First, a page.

Angela and Daphne took part in their first marathon, and they crowned this achievement during the London Marathon. Daphne and Angela share their thoughts…
The London Marathon… where to start to describe it?! The whole thing was one incredible experience from pre-race registration to the Finish and every runner should experience it at least once in his lifetime! Pre-race registration took place a few days in advance in a massive exhibition hall. The first thing that was immediately obvious was the unbelievable organisation they have. The time and effort that obviously goes into the whole thing and the sheer masses of helpers involved as well as the funds!
After registration, runners are encouraged to visit the Sports Expo in the same hall… every running brand you can think of (and a few I’d never heard of!) under the same roof, selling everything from treadmills to socks. My Visa has yet to recover 🙂
On race day trains are free throughout central London which facilitated getting to the Start as we didn’t have to worry about money. ‘We’ were primarily Angela and I, as we had trained together almost every step of the approx. 700km training schedule. But also Josette Falzon (without whom we might never have been going), Douglas and Karen, all of whom very quickly became new friends.
Preparing everything the night before…
Marathon chip, sicks, underwear, running kit (what to wear??), number, tissues, tracksuit, rucksack, shoes (!!)… what to eat, how much water to drink… and then getting into bed – trying to sleep was difficult when we were so very, very excited and couldn’t stop giggling in bed!
On race day, Angela and I met up with the others and set off for the train station with Maltese flag in hand (see photo!). People with the trademark Virgin London Marathon bags were visible everywhere and I think that is when reality starts to set in, this is it!
When we got to Greenwich our first search was for toilets, portable cubicles, of course, with an endless queue. But it was all so well organised, that it didn’t take too long. Also it was a good opportunity to look around us and take it all in – the throngs of people, the colours, the costumes, the smell of Deep Heat, the bubbling excitement!
Before we knew it, we had wee-ed, dropped off our kit bags and headed to the Start and then we were off… 36,000+ participants… and it really felt like it was that quick, although it took us 18 minutes to get from ‘our start’ to crossing the official start line.
The feeling along the route was incomparable to anything I have ever experienced before. The crowd support was phenomenal, people line the street the whole way, like one never ending street party. There were bands, water stations at every km, people shouting your name and encouraging you with every step (you are told to print your name on your running top beforehand and it really works!), people offering Jelly Babies along the way. You aren’t alone for one second and as a result of that, the first 25km or so pass in a heartbeat.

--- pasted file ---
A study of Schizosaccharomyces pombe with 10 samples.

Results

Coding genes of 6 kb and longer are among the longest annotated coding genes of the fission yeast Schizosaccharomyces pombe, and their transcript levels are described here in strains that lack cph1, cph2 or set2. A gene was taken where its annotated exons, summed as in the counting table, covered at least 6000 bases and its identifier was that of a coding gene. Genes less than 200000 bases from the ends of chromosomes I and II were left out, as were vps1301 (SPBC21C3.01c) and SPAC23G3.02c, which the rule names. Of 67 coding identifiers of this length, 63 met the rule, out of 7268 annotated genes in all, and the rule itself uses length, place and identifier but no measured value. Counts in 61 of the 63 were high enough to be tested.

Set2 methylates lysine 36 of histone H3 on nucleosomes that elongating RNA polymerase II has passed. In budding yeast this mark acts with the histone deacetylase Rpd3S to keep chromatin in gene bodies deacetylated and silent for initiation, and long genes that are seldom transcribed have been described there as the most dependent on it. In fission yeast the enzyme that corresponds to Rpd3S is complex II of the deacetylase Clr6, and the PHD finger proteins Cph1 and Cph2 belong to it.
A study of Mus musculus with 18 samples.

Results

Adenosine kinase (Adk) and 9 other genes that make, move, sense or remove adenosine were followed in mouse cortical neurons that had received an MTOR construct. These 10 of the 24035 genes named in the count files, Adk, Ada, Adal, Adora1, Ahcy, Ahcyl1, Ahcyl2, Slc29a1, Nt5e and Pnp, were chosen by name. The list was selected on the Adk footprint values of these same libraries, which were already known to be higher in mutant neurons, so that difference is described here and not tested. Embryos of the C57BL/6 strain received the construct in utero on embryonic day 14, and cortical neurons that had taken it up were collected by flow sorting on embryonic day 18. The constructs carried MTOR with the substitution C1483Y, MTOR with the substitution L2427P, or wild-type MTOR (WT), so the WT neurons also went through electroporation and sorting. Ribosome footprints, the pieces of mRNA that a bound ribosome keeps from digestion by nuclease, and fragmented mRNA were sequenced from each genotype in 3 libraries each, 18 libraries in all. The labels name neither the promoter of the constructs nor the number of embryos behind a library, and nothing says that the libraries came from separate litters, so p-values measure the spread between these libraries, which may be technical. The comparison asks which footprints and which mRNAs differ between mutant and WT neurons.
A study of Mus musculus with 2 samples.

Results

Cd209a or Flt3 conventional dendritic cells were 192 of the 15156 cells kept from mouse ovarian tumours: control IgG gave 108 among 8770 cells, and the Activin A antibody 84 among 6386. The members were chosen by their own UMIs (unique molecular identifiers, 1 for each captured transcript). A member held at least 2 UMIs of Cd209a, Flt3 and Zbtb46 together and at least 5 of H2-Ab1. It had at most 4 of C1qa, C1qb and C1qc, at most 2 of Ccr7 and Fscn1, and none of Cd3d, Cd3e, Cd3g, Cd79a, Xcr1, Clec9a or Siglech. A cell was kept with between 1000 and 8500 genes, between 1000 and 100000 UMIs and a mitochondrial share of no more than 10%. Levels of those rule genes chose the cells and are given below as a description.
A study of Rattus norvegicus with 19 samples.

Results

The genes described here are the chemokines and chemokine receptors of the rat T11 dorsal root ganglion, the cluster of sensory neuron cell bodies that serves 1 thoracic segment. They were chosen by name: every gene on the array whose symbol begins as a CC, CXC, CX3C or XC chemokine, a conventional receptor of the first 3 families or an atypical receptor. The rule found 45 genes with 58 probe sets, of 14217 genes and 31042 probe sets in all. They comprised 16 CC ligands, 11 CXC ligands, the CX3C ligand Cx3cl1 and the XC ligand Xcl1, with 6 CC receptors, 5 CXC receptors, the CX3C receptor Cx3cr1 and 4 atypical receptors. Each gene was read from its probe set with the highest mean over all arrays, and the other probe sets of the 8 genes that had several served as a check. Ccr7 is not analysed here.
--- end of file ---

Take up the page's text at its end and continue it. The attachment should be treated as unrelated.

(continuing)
The last 10km were probably the hardest of course. It was a beautiful but actually-too-hot-for-running kind of day and that didn’t help much. The road started to take its toll and runners start falling by the wayside, stopping to stretch, rest and even being carried off on stretchers and of course, you have been on your feet for the best part of 4 hours. I’d be lying if I say it is all glorious, but perhaps if there was no suffering at all, I wouldn’t have appreciated it as much, and at that point, you really know the end is achievable. Seeing the sign that said we were 750m away from the Finish was like a ray of light from heaven but even then with the fatigue setting in and the legs starting to ache, I still kept looking around me thinking ‘this is really happening, this isn’t an amazing dream’.
Running a marathon is not easy, but it is a milestone and with training and support it is very achievable milestone. Thank you to the LRC who got me running races just over 3 years ago; thank you to Angela, it really would not have been possible without you!; thank you to Mark, for putting up with my running schedule and especially for walking the dog when my legs couldn’t carry me another step after the 32km training sessions 🙂
Would I do it again? Let me just say ‘not yet’ but I am certainly delighted I took the opportunity when it came along and I have signed up for next year just in case I change my mind! Happy running 🙂
Daphne: Ang, shall we try to do a marathon one day?
Me: As if I can run a marathon! 42k – taf x’qed tgħid, Daph?
17 April 2011
Me to Daphne: We did it! We did it! Can you believe that we ran 42k? We actually did The London Marathon!
Euphoria is the only word to describe the feeling on arriving at the Finish line of a 42k run and receiving the medal around your neck!
The Virgin London Marathon was really a dream come true – something which I would not have thought possible 12 months before.
However, after acquiring a marathon running schedule which looked pretty doable, training started taking shape. As the mileage increased, my confidence grew stronger. What amazed me the most during our 4 months of preparation was that our body could take so much, once training was done gradually. I had never imagined that I could run 65k in a week. But slowly, slowly and with great perseverance, I did and I feel very proud that I went in for the challenge.
Since I do not like to use an iPod and earphones, having a running buddy who babbles continuously, makes all the difference. No offence Daph – you’re one great running buddy!
Thank you all for your support, both financial and verbal, throughout my months of training and for all your good wishes before and after the marathon. We are one great club! Viva n-nisa ġerrejja!